It's easy to see why iPods would be alluring targets for criminals: The music players are valuable and easy to resell, and people absorbed in their personal soundtracks can be vulnerably oblivious to their surroundings.
But could the temptation for stealing iPods be so strong that they're behind an increase in the crime rate? Researchers at a public policy institute say yes.
They argue that the tantalizing gadgets are perhaps the main reason U.S. violent crime rose in 2005 and 2006 after declining every year since 1991 — although a close look at the findings suggests the hypothesis has holes.
The Urban Institute, a Washington think tank, first raised the subject of an "iCrime wave" last September, and held a panel discussion Tuesday to explore it further. The researchers don't blame iPod maker Apple Inc. or any other device maker for crime, but they do say consumers should demand technologies that would render stolen gadgets useless.
Apple — which has explored anti-theft locks in patent filings — had no comment.
A key point in the Urban Institute's argument is that robberies — the taking of something by force or the threat of it — had seen dramatic reductions since the 1990s, but jumped in 2005 and 2006. FBI statistics show the robbery rate went from 137 per 100,000 people in 2004 to 141 per 100,000 in 2005 and 149 in 2006. That helped boost the overall rate of violent crime in those years, even as rape rates fell and aggravated assault was generally flat.
During those years, iPods were going mainstream. In late 2004, Apple had sold about 5 million iPods. By the end of 2005 that had ballooned to 42 million, and in 2006 the number neared 90 million.
One widely accepted theory holds that crime happens when three things come together: A motivated offender encounters a suitable victim and perceives a high chance of getting away with it. And the Urban Institute researchers believe the sudden prevalence of iPods increased all three factors.
Motivation: The iPod's several-hundred-dollar expense and pop-culture buzz made potential thieves, especially young ones, crave the device for themselves or for a lucrative resale market. Suitable victims: People listening through the iconic white earphones are easy to pick out and often unaware of their surroundings. Easy to get away with: iPods lack a mechanism that would pinpoint a thief's location or a subscription that could be canceled by the rightful owner.
Anecdotal evidence bears out a lot of this. Subway officials in New York, San Francisco and Washington, D.C., reported big increases in iPods being stolen from passengers. News reports cast the iPod as the latest must-steal item for some thugs, following in the footsteps of things like Air Jordan sneakers.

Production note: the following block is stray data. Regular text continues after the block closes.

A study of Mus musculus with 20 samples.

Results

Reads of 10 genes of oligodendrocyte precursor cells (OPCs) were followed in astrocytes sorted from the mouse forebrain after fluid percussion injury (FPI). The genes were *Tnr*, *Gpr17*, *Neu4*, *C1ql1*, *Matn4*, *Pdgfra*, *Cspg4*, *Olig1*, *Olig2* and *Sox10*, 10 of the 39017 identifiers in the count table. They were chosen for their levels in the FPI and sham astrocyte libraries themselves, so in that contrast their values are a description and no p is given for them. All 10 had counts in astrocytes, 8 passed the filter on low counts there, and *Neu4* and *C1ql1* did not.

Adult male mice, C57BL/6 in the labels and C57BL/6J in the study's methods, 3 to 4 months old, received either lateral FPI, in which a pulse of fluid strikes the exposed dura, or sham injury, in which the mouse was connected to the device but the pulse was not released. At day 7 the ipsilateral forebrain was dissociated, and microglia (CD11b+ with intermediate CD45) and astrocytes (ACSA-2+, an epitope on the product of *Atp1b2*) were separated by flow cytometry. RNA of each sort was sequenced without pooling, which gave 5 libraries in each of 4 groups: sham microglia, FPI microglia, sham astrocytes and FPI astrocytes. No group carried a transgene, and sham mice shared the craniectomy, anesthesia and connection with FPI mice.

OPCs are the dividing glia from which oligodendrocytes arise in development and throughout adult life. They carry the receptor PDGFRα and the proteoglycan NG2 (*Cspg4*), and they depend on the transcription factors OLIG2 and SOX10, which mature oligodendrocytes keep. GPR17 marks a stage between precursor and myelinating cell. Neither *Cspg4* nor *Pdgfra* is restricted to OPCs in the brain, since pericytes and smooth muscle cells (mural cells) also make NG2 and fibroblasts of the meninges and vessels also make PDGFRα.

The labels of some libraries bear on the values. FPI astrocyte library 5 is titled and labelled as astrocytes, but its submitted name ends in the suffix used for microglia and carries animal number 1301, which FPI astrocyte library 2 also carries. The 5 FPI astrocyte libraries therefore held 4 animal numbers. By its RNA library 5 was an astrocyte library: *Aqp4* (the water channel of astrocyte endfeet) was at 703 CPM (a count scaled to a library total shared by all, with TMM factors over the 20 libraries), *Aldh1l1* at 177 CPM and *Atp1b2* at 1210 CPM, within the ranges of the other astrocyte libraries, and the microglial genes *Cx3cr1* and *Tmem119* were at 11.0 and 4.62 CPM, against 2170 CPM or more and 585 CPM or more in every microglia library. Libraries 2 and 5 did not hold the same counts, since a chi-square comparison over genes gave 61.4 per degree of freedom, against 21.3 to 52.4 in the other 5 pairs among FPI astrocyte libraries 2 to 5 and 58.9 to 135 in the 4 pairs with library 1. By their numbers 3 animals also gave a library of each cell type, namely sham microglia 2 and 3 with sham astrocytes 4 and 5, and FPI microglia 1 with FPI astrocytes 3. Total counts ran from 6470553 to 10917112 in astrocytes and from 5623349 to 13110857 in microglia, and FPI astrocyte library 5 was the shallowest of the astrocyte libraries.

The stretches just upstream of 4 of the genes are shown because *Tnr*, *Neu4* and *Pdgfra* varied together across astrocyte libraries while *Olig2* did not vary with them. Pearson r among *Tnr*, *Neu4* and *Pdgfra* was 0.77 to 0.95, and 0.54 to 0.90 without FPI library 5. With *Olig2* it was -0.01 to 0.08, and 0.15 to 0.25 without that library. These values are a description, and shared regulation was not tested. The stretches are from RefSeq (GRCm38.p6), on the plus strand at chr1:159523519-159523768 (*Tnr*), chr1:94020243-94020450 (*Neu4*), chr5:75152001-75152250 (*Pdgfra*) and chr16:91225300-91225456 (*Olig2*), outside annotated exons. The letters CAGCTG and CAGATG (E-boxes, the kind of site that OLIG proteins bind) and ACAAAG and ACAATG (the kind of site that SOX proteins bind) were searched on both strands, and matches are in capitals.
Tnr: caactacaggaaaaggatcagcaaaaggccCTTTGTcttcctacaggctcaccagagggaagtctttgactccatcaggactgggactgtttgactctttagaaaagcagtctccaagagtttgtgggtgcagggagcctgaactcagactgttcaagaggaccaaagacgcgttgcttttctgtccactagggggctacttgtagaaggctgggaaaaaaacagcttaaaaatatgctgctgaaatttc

Furthering this idea, the rate for robberies by juveniles increased during this "iCrime Wave" to a much greater degree than the rate for adults, Urban Institute researcher John Roman pointed out. And if economic woes could explain the jump — a traditional place to look in crime research — Roman doesn't believe the overall rates of property crimes would have dropped in '05 and '06, as they did.
But is it plausible that so many iPods and similar gadgets were stolen that they drove the rising robbery rate? That robbers would not have just stolen something else if not for shiny music players? This is where the iCrime Wave begins to seem less certain.
For one thing, homicides also increased in this same span, albeit slightly, from 5.5 per 100,000 people to 5.6 in 2005 and 5.7 in 2007. Since crime trends are often murky, whatever caused the bump in homicides might also explain the rise in robberies.
Roman responded that increases in violent crimes like robberies tend to correspond with rises in the homicide rate: Muggings often go badly and end in murder, so with more muggings going on, more homicide victims should be expected. But without good data indicating lots of people killed in iPod thefts, Roman acknowledged it's possible that "we've got our causation backwards."
It's also curious that while iPod thefts on subways and other crowded urban settings provide the best anecdotal evidence, the 2005-06 crime increases were highest in small and midsized cities — places with less-dense pedestrian traffic, let alone teeming subways.
Also, some stolen iPods might fall into the category of larceny — a theft without force, such as when something is filched from a backpack — and larcenies dropped in '05 and '06.
In other words, there might have been an iCrime wave, but it would be hard to be sure. After all, robberies also jumped in pre-iPod 2001.
"There has been a lot of anecdotal evidence of cell phones, iPods, GPS systems that have been targets for theft. No research can tell us those wouldn't have been substituted for other things," said Jack McDevitt, associate dean at Northeastern University's College of Criminal Justice.
"I guess I could sort of understand and buy that in a very narrow place, in a short period of time — a short spike for a few months," he said. "But to suggest that that's driving the crime numbers in any major way, I don't think so."